If you've spent any time looking at pictures of food on Instagram in the last year, chances are good you've seen pictures of egg waffles, served up in a cardboard container and sometimes stuffed with ice cream. These bubble waffles aren't a new-fangled creation, though. They're actually an old school street snack from Hong Kong, known as gai daan jai. "It’s one of the most popular street snacks in Hong Kong. It’s probably ranked number one," explains David Chan, cofounder of Wowfulls, a New York City-based company that specializes in making these waffles.
No one really knows the exact history of these Hong Kong egg waffles, except that they emerged a some point in the 1950s, but they certainly caught on like wildfire. You can find these egg waffles all over the city, either cooked over a charcoal stove or in an electric waffle iron, which is the more common cooking method these days.
The most obvious difference between a Hong Kong waffle and a Western-style waffle is, of course, the bubble wrap-like pattern. That's all because of the machine, which is molded to include about twenty round divots. "That’s what creates the semi-spherical bubble shape," says Chan. You can get a commercial egg waffle maker on Alibaba, though there's also a less pricey stovetop egg waffle maker from Nordic Ware—and you really need one of these if you actually want to make these at home.
The batter that's cooked in the deeper, round indentations forms those puffed waffle balls, while the batter that's cooked on flat part of the machine is thin and crispy. "It’s quite different in terms of shape and the texture of it is very crispy on the outside and soft and sweet on the inside," says Chan. "That’s a key difference in terms of the texture," as compared to a Belgian waffle.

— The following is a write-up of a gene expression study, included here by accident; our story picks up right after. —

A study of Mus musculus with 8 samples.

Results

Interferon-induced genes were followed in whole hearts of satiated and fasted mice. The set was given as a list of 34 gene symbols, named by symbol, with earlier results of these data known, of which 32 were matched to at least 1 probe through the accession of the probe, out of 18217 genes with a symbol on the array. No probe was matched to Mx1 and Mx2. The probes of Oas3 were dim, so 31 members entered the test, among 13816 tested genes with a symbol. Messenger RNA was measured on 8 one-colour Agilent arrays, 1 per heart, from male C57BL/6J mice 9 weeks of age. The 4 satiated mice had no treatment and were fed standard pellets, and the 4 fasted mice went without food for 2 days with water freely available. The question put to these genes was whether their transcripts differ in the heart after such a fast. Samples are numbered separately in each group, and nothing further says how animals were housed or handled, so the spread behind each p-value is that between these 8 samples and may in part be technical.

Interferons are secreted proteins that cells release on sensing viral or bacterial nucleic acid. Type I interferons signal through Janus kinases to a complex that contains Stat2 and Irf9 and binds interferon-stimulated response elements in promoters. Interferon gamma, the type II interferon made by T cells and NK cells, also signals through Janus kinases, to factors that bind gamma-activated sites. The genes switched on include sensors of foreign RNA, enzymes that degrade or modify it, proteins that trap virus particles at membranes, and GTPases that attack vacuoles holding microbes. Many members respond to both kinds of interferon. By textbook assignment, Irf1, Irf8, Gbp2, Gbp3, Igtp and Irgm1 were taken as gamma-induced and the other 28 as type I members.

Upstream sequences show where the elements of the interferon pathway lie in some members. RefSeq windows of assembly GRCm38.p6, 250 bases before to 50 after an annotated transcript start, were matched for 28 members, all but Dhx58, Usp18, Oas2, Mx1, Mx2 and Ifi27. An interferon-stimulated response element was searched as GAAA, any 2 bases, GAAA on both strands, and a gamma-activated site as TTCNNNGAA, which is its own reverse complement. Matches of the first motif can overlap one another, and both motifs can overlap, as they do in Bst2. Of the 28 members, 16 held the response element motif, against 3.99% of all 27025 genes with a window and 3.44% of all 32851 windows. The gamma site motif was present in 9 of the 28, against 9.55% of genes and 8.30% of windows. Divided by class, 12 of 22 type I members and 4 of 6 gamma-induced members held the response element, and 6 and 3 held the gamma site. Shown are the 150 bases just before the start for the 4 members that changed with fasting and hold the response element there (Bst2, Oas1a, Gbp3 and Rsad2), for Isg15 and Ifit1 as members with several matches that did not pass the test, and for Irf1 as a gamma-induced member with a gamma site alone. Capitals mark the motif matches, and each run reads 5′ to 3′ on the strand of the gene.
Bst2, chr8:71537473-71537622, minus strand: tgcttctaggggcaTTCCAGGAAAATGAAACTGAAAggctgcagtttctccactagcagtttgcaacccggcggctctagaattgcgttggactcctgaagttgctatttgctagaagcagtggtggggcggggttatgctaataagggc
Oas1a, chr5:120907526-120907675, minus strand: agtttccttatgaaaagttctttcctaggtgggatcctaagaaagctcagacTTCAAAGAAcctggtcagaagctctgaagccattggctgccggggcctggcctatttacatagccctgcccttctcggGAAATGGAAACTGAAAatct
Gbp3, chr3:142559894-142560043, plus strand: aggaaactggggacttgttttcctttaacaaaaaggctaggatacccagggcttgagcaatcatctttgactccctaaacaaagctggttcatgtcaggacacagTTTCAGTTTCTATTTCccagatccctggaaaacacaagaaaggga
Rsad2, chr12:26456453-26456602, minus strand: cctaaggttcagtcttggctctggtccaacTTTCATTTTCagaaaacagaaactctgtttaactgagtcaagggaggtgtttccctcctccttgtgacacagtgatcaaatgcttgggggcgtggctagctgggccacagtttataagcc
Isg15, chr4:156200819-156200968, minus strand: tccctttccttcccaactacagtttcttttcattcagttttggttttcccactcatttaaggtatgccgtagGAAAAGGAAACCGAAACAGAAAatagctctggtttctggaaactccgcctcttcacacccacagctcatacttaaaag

Making the right batter also helps create this texture, though there's some debate about what's in the recipe for egg waffles. There's usually eggs, flour, milk, and some sort of leavener like baking powder. Lots of recipes use vanilla extract. Others call for condensed milk, to add a bit of thickness to the batter, while others use custard powder to make the waffles taste more egg-y. These sweet waffles don't require maple syrup, either, which makes them much more tenable as a street food that you could realistically eat on-the-go. "Typically eaten, it’s just plain," says Chan.
But he and his cofounders at Wowfulls are among the folks who are amping up this traditional treat, making it friendly for the Instagram generation. "This snack is not what you'd call 'new,' but we wanted to revolutionize it and introduce it to a broader audience," says Chan. That's why the folks at Wowfulls turned the bubble waffle into a cone and filled it with ice cream. They also offer a green tea- or chocolate-flavored egg waffle, in addition to the original. These, of course, are the aesthetically pleasing egg waffles you've seen online.
There is a simple pleasure in the original, plain egg waffle, though, especially when enjoyed fresh off the griddle and handed to you in a wax paper bag on the sidewalk. And though there may be new flavors and toppings, there's no question that the traditional Hong Kong waffle is here to stay.